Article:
Sen. Tommy Tuberville shared stories from Alabama residents who want to do away with daylight saving time during a floor speech Monday pointing out his support for a Senate bill to stop the yearly tradition of springing forward and falling back.
Tuberville noted that daylight saving time was created as a temporary measure during World War I and was initially known as “war time” to help conserve fuel and resources.
“Changes to our clocks may have made sense when it first began, but it certainly doesn’t now,” he said Monday on the Senate floor. “To turn the clocks back each year is a nuisance and not smart policy.”
Tuberville read a letter from a constituent in Talladega County who wrote, “Daylight saving time year-round means the elderly, like myself, will be able to be more active in the early evenings.”
A Mobile resident, the senator said, urged him to “please try and do whatever is necessary to have daylight saving time permanent in Alabama. Everyone I know and talk to wants this. Who would not want more daylight in the evening?”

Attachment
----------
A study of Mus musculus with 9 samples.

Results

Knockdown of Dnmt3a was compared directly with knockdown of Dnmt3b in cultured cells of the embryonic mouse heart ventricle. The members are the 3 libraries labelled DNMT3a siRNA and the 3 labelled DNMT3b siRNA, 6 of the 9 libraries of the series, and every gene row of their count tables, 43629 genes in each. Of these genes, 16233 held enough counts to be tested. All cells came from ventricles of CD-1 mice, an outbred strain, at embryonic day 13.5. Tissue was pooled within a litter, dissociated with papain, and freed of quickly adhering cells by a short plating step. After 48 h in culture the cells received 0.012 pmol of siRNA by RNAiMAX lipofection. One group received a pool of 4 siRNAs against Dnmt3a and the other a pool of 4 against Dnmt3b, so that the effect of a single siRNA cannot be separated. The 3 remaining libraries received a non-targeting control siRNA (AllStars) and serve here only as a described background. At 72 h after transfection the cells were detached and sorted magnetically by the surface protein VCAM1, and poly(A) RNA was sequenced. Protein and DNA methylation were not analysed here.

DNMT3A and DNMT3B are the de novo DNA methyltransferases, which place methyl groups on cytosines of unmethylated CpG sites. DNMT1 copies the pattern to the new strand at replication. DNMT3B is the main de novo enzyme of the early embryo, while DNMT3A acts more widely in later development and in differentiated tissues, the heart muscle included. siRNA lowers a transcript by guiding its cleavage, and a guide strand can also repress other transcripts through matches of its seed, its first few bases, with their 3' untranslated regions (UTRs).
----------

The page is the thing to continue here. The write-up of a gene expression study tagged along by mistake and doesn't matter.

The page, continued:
A third constituent — a mental health professional — wrote to Tuberville that the time changes increase depression and decreases productivity in half of his psychiatric patients.
Tuberville said he agreed.
“It is no wonder that cases of SAD — or seasonal affective disorder — are much more common in the winter months than they are in the spring,” he said.
Springing forward and falling back costs the country $430 million a year in lost productivity, according to Tuberville.
He noted that legislation or resolutions to “flip the switch on this outdates practice” if the federal government abolishes daylight saving time.
“Let’s give American’s something to celebrate: Longer days and more sunshine,” he said.
Tuberville is a cosponsor of the Sunshine Protection Act that would make daylight saving time permanent.